For students with disabilities, navigating higher education is a journey of self-advocacy and struggle
By Mary Niederberger
Just a few weeks into her freshman year of college, Laura Power realized the lack of accommodations for her physical disabilities caused by cerebral palsy were going to be a higher hurdle to overcome than she had anticipated.
When she entered a biology lab at Edinboro University in her power wheelchair in the fall of 2013, she quickly understood she would not be able to use the equipment.
She wouldn’t be able to see what was on the other end of a microscope lens and her unsteady hands would likely prevent using the lab equipment. Since she hadn’t planned for this, she said she approached her professor hoping to work on solutions.
Instead of thinking of ways to help her, she recalled that the professor provided a stinging response:
“Actually Laura, no one should have let you in here,” the professor said, according to Power’s recollection. “When I saw you on the first day, I knew you were going to be a problem. But I wanted to let you down easily.”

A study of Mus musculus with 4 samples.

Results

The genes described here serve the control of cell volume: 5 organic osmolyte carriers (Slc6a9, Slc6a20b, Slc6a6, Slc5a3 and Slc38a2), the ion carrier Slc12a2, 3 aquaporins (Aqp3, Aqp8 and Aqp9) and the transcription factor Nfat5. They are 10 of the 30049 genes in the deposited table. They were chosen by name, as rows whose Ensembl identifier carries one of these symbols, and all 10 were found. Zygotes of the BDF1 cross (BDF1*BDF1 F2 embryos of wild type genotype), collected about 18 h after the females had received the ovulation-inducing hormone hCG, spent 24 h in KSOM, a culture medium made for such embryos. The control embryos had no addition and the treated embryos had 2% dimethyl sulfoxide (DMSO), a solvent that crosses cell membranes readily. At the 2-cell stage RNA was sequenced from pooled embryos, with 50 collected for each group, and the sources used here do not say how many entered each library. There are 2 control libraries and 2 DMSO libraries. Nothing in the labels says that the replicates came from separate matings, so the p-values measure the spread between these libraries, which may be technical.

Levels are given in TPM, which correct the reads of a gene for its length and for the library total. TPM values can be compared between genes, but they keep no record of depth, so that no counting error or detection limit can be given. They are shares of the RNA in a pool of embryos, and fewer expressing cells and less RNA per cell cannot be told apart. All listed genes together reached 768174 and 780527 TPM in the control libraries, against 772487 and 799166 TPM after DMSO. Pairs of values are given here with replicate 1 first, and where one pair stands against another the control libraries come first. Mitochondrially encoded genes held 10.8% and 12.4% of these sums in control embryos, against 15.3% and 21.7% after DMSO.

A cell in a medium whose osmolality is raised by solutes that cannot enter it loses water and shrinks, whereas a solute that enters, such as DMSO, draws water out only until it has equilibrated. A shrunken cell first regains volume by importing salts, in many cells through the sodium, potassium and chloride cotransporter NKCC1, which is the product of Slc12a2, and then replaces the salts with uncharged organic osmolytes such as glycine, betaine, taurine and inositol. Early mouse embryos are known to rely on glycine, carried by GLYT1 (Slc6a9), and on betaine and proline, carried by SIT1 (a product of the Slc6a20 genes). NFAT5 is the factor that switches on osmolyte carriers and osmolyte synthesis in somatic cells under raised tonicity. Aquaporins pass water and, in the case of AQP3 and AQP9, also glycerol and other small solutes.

Megan Majocha, who is Deaf, also had a difficult lab experience when she showed up for a 2016 summer internship at Magee-Women’s Research Institute & Foundation after her freshman year at Gallaudet University and realized she would not have a full-time American Sign Language interpreter.
She spent much of the internship trying to read lips and ask questions through email or by writing on sticky notes.
“I was a freshman in college at the time and really didn’t know how to advocate for myself,” Majocha said during an interview via an interpreter.
Different settings. Different students. Different disabilities.
But the same issues: How to access a college education and its related opportunities despite the obstacles posed by a lack of support or accomodations? And, how to get those around them to understand the help they needed?
This story is the first in a series titled “Leveling the Playing Field” published by the Pittsburgh Institute of Nonprofit Journalism.
Read the rest of this story here.
This story was made possible through a fellowship from the Education Writers Association.